Professor Richard Kennedy of Queens University College Hospital in Belfast has led the development of pioneering tests that analyse tumour DNA to identify patients with colon cancer who are likely to develop the disease again after surgery, and also patients with breast cancer who would benefit from chemotherapy after surgery. Professor Kennedy heads up the Belfast Experimental Cancer Medicine Centre (ECMC) and tells us about his work as part of a UK-wide network of 18 ECMCs, which provide dedicated funding to support early phase clinical cancer trials.
At Queen’s University we have recognised that much basic research performed in the academic setting fails to impact cancer patient care. One of the major issues we identified was that there was a disconnect between the type and quality of research being performed in the academic community and the ability of industrial partners to commercialise the results and introduce products into the clinic. We therefore have established a pipeline from basic research to the patient which involves collaboration with industrial partners and the ECMC Network from the initial research to the validation of a final product in clinical trials. This begins with basic science in the university laboratory supported by data, reagents and expertise from industrial partners. Importantly we get regulatory and commercial guidance early on in the process to ensure that there will be industrial interest for successful research, which is essential to make an impact on clinical practice.
Within this pipeline the university typically takes research to a “proof of principle stage” ready for product development in collaboration with an industrial partner.
The industrial partner defines what the specifications would be for a successful pilot product that could enter development. In our experience, product development is particularly expensive and is usually outside the scope of academic institutes, so it is important to ensure an industrial partner is satisfied with the pilot data. In the case of biomarker development, the industrial partner will usually invest in the analytical work and the clinical validation in human samples that is required by regulatory authorities prior to use in the clinic. For drug targets, the industrial partner will usually take a hit compound and develop it into a lead compound which is suitable for prospective clinical trials. As part of this pipeline, we then offer to perform a clinical trial of the developed product within the ECMC network. A key strength in this approach is that clinical samples are collected by the Northern Ireland Biobank (NIB) as part of the clinical studies and are then analysed by the basic scientists who performed the original research to help refine the therapy or develop new approaches that will lead to further products.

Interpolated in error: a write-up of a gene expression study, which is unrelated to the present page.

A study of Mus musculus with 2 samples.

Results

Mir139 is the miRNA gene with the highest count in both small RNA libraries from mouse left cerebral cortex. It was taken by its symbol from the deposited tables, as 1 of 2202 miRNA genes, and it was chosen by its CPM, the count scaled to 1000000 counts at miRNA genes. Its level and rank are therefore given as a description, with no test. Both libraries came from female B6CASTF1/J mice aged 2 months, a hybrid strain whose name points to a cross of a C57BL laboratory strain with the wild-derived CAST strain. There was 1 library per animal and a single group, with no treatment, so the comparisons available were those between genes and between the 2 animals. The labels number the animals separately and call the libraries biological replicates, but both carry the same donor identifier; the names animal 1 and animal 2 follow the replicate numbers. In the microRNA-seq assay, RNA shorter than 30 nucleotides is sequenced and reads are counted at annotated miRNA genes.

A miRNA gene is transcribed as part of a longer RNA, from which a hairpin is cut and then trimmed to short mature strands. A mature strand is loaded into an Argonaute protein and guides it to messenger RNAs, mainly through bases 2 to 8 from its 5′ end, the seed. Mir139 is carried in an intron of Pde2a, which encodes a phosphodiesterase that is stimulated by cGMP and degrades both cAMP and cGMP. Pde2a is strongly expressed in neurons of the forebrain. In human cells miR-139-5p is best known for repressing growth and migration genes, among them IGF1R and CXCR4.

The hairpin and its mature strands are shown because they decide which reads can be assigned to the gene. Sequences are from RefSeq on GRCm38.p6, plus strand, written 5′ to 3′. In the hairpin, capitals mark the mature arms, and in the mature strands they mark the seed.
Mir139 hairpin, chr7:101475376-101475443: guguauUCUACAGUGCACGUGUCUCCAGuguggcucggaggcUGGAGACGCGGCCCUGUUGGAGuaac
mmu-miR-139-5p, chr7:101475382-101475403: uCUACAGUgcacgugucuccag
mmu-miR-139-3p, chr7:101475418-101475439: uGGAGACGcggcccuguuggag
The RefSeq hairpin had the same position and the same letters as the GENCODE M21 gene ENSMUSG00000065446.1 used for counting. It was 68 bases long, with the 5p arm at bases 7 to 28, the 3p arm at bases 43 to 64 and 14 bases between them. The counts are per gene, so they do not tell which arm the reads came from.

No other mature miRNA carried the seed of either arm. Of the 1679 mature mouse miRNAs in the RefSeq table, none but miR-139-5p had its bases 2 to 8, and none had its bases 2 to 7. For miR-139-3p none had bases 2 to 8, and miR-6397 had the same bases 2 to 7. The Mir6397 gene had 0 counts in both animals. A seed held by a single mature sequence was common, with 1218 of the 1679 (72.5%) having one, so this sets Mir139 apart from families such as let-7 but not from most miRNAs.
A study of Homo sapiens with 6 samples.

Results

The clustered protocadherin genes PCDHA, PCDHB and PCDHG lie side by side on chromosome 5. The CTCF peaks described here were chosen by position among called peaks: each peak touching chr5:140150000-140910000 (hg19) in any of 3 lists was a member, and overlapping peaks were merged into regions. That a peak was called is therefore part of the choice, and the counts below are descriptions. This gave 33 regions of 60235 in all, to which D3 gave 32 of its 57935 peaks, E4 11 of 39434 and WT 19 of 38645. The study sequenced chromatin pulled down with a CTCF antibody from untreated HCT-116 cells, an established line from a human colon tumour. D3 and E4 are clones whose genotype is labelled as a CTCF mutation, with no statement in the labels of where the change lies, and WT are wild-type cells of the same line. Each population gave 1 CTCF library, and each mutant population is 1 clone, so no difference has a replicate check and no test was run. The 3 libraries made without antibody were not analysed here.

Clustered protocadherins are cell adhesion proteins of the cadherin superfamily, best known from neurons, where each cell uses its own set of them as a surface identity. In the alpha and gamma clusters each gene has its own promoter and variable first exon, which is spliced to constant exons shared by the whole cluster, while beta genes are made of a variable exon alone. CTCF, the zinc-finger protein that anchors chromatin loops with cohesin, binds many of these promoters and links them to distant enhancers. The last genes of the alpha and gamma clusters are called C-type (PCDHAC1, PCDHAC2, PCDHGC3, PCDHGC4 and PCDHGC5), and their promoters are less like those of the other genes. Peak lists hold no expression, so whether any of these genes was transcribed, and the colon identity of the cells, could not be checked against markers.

Importantly we can collaborate with industrial partners anywhere along the pipeline. For instance, some companies may only want to partner on the basic research to pilot product phase whereas others may be more interested in the clinical trial and sample collection part of the pipeline. Examples of products that have gone through this pipeline are as follows:
- Queen’s University identified a novel anti-angiogenic target that could be inhibited using a protein. Almac (UK), a local pharmaceutical company, developed a peptide (ALM201) that could be commercially manufactured and then performed the necessary regulatory steps to allow human studies. The Queen’s University Belfast /Northern Ireland Clinical Trial Centre will open a clinical trial of ALM201 in ovarian cancer in June 2014. This is accompanied by a biomarker also identified by Queen’s University. This trial is being run within the ECMC network and will initially involve three centres before expanding out through the rest of the network.
- Queen’s University and Almac Diagnostics identified a new biomarker for chemotherapy sensitivity in breast cancer. Almac developed the assay so it fulfilled regulatory requirements around analytical performance. Both collaborators identified a large retrospective cohort of patients to validate the biomarker and it was then out-licensed to Genomic Health (USA) for $9 million with royalties. An ECMC sponsored prospective clinical trial evaluating the biomarker in the neoadjuvant chemotherapy setting in breast cancer commenced in April 2014.
The ECMC Network is a UK-wide initiative jointly funded by Cancer Research UK and the four UK health departments to bring new therapies to patients by dedicating funding for clinical cancer research. For more information on the ECMC Network and how it supports the work of experimental cancer research, visit http://www.ecmcnetwork.org.uk/ or contact the team at firstname.lastname@example.org or 020 34695381. You can follow the ECMC Network on Twitter at @ECMC_UK and the team has just started a LinkedIn group at ECMC Company Page.